RIP, Don Cornelius; Love, Peace and Soul

I may be young but I’m not too young to remember Don Cornelius and his legacy with Soul Train. The creator and longtime host of Soul Train died early Wednesday morning in Los Angeles.

Before BET and MTV there was Soul Train, the American Bandstand for blacks. Cornelius had a dream of generating a show for the black audience. With this dream Soul Train aired its first episode in 1971. Cornelius retired as host in 1993 and the show ceased production in 2006. It was the longest first-run syndicated television series in broadcast history.

Soul Train opened the door for many soulful singers, such as James Brown, Marvin Gaye, Aretha Franklin, Luther Vandross, and Gladys Knight and the Pips. For the hip-hop industry artists such as Kool Moe Dee, LL Cool J, and Big Daddy Kane have made appearances. If I mentioned an artist that you don’t know, just go ask your parents, they’ll know who I’m talking about. They’ll even throw more names at you like Al B. Sure, Betty Wright, New Edition, Teddy Riley, Con Funk Shun, and Stacy Lattisaw. There are just too many great artists to name; the list could go on and on. Some artists have even made multiple appearances on the show. The best of the best performed on Soul Train.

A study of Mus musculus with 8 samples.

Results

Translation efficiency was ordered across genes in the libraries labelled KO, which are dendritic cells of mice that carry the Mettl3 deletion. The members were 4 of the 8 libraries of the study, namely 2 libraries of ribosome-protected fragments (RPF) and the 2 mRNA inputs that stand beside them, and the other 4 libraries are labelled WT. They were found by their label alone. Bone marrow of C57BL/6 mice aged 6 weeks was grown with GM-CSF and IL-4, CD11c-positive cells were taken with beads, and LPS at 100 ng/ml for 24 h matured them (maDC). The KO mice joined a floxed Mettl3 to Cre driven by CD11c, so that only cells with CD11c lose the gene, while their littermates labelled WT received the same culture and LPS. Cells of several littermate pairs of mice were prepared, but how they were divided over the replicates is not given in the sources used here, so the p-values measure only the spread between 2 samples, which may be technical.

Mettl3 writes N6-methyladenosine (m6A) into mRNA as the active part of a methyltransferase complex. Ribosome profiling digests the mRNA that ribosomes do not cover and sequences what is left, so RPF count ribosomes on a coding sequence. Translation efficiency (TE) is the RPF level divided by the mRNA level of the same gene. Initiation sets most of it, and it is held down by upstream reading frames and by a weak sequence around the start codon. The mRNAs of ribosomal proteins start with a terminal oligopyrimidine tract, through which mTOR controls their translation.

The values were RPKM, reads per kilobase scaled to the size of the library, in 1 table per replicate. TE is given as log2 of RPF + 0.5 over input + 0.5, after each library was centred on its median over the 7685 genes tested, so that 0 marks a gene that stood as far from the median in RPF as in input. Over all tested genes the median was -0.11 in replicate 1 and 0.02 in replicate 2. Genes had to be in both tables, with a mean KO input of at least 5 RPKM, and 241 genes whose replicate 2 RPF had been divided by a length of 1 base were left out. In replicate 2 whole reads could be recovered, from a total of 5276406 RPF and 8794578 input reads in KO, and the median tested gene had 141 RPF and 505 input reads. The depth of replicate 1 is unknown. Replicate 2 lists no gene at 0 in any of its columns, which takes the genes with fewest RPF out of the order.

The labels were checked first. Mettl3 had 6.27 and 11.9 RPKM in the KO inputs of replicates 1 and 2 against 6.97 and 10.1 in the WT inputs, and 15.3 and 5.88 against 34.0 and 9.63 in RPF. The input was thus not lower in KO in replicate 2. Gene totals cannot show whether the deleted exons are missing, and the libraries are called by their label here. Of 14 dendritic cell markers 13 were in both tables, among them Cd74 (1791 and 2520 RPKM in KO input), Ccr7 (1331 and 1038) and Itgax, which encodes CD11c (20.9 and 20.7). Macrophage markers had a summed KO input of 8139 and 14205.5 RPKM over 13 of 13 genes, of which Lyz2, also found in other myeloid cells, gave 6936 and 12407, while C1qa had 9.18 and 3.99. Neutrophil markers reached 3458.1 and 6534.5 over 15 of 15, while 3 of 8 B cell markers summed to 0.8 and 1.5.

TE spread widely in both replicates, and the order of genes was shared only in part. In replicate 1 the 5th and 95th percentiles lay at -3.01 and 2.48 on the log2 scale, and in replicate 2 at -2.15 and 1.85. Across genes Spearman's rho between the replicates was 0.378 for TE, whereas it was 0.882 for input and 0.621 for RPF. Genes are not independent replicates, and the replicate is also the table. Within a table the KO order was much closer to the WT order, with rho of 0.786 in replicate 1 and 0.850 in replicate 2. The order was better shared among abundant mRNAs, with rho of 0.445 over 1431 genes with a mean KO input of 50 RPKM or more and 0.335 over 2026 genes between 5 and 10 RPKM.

As my mother reflected on the life of Cornelius she said, “He kept our soul revived with the music he brought each week.” Soul Train took my mom from her childhood years to marriage and into motherhood. In her youth, Soul Train was not only used to get the latest dance moves, it also helped people decide on what to wear to the club and parties on the weekend.

When I was younger I loved watching reruns with Cheryl Song dancing. For those of you who think you don’t know her, she’s the Asian lady with the long hair. One of my favorite episodes, well rerun, is the one with Kool Moe Dee performing his infamous song, “How Ya Like Me Now.”

The music industry has lost another icon. Even though he wasn’t a singer he had a great impact on the black music industry, making a path for Centric and BET.

Thank you Don Cornelius for shaping the music industry for African-Americans and taking us on the “hippest trip in America.” May you rest in Love, Peace and Soul.